D-tree was pleased to attend the 77th United Nations General Assembly (UNGA) in New York at the end of September which marked a historical moment in the UN’s leadership at the midpoint in efforts to realize the Sustainable Development Goals commitments by 2030, and from the global health perspective, we are now one year until the UN convenes a high-level meeting on Universal Health Coverage (UHC) to revisit global commitments made in 2019. David Hershberg, Director of Partnerships, reflects on the discussions.
Many of the hard-earned lessons from the past three years were shared during UNGA and the side events, such as the need for global cooperation in the face of a health crisis and discussions about what is needed to build resilient health systems around the globe to better prepare and manage the next one and it is clear that global cooperation is critical. The Global Fund successfully raised a historic $14.25 billion which, while still shy of the $18 billion the Fund estimated is needed to save 20 million lives in the year ahead, represented the majority of G7 countries increasing their contributions by over 33%, pooling together what President Biden called “one of the largest global health fundraisers in all of history.” And yet, the prevailing sense among global health leaders at the summit was that health equity for all is not yet a reality, and to reach our goals, we need to redouble our efforts.
Here are three themes that emerged during UNGA that we will be paying attention to at D-tree:
The need to invest in and take a systems lens
It’s become clearer than ever before that health, environmental, economic and social development is all interrelated. The ripple effects of COVID-19, ostensibly a health crisis, on our social, political and economic landscape are evident to everyone. Similarly, the interconnectedness between a warming climate and successfully eradicating infectious diseases like malaria illustrates the need for donors, private sector actors, NGOs and governments to find better ways of working together across funding and programmatic silos to address challenges holistically. Naveen Rao of the Rockefeller Foundation summarized it by saying that the mosquito when flying, is a municipal government and environmental issue, and when it bites, is a public health issue. Beyond lofty aspirational goals, the SDGs can be seen as a matrixed framework that can be used to channel and coordinate funding and response in order to address the interconnected crises of climate change, health, conflict, poverty and inequality while leaving no one behind.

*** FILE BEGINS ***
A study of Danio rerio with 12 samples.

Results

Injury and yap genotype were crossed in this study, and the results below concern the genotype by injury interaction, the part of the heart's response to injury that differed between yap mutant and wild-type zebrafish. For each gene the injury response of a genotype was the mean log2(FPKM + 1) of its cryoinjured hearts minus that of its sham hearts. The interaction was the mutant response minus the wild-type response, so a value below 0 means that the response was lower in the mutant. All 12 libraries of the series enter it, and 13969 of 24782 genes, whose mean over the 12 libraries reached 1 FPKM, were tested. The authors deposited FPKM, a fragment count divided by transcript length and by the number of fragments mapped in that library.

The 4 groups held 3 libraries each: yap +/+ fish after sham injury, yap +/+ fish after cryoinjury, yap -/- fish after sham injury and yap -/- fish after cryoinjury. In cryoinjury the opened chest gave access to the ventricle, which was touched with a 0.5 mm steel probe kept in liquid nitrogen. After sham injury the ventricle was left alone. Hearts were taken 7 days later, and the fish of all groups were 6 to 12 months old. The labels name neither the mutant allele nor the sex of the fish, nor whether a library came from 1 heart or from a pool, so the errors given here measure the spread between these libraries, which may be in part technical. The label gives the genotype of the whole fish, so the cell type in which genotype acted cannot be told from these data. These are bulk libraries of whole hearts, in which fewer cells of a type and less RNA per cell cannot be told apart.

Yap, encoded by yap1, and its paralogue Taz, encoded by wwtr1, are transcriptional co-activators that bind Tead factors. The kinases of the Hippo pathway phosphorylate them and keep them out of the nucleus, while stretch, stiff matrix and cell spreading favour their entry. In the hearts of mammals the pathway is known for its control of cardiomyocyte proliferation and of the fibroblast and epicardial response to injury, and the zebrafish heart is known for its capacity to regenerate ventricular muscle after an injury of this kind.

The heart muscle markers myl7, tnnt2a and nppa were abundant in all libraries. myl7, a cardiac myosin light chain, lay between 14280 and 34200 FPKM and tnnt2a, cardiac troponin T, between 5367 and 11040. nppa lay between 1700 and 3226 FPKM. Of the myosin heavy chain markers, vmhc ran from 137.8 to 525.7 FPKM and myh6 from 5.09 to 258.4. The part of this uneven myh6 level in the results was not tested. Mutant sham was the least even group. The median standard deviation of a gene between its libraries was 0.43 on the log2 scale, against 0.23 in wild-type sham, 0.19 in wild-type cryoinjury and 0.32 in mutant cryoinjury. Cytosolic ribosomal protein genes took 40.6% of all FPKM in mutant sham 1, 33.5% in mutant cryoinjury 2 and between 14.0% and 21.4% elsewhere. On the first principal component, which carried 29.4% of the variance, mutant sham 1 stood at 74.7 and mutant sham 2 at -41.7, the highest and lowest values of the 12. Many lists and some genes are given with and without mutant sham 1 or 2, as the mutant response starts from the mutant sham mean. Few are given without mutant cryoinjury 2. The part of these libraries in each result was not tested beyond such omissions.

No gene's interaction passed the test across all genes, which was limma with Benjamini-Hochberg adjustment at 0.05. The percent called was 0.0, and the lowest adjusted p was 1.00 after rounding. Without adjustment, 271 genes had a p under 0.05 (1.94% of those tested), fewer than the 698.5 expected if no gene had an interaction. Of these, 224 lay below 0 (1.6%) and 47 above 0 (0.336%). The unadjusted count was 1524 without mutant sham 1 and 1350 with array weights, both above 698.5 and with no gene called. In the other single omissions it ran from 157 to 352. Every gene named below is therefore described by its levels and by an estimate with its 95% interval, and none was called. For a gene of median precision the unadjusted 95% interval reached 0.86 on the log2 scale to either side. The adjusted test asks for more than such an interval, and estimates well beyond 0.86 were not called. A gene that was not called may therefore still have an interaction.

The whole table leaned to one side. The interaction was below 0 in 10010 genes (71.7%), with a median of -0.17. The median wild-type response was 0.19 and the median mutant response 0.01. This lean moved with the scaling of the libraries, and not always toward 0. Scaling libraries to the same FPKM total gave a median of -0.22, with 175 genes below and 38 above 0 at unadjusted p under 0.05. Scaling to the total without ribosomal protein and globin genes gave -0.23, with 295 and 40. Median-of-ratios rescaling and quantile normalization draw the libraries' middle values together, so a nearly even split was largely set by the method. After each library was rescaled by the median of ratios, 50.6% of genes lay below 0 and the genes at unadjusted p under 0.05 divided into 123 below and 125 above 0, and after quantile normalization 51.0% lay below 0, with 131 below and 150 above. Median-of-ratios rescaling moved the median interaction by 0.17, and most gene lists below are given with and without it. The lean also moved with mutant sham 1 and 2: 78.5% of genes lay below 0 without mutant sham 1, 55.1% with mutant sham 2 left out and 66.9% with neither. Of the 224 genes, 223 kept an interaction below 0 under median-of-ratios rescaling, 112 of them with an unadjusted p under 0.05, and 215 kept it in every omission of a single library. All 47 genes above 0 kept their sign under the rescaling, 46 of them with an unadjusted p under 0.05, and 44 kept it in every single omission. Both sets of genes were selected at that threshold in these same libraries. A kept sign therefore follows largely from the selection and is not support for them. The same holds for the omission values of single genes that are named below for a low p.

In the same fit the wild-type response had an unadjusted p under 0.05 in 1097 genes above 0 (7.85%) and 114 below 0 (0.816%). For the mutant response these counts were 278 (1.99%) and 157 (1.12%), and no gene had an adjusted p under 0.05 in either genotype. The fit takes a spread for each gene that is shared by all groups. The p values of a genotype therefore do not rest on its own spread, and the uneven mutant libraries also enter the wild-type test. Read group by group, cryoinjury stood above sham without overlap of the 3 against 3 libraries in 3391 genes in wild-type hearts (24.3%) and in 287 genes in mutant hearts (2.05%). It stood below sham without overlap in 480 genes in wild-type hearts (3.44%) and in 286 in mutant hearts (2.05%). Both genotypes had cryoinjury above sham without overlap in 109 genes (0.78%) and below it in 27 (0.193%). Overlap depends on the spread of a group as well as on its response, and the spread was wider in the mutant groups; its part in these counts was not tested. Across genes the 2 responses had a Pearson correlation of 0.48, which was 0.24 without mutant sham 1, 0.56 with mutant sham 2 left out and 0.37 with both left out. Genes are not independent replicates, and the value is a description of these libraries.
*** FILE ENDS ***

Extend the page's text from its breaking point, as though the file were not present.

The role of the private sector in building local capacity and new models of funding
There was a tremendous presence of corporates like Sanofi, Pfizer, Accenture, Cargill, Visa, Bechtel and many others at UNGA. Caroline Roan from Pfizer cited that historically in the health space, pharma was focused primarily on the research and development of new drugs and therapeutics, and while that remains true, corporates have now also acknowledged the need to lend their expertise to building health systems and ecosystems for innovation. Many are now investing, seeding and scaling the efforts of local entrepreneurs; helping them bring their health innovations to scale, which in turn creates jobs, attracts talent and contributes to a resilient local ecosystem. Others are directly investing in training and equipping frontline health workers and acknowledging their vital role in safeguarding populations from the next pandemic.
The essential need to invest in primary care and frontline health workers
By far some of the most impactful discussions at UNGA were about the essential role that community health workers played in maintaining essential health services during the pandemic while health system utilization otherwise plummeted globally. Over and over again, governments, corporates and donors acknowledged the essential role frontline health workers, and community health workers specifically, play in advancing UHC and the need to invest in their professionalization and wellbeing. But the reality remains that globally, only 14% of these essential health workers are paid and over 70% of the uncompensated health workers are women. To truly accelerate UHC and health equity, donors, governments and world leaders must invest in training, professionalization and fair compensation so that they can truly go as far as it takes to bring primary healthcare within reach of everyone, everywhere.
With these macro and micro trends in mind, and with the clock ticking (quite literally), we at D-tree are energized to redouble our efforts to work with our partners – public, private and donors – to help governments harness the power of digital health to improve access to primary health for all, and empower frontline health workers as the key to a more resilient future.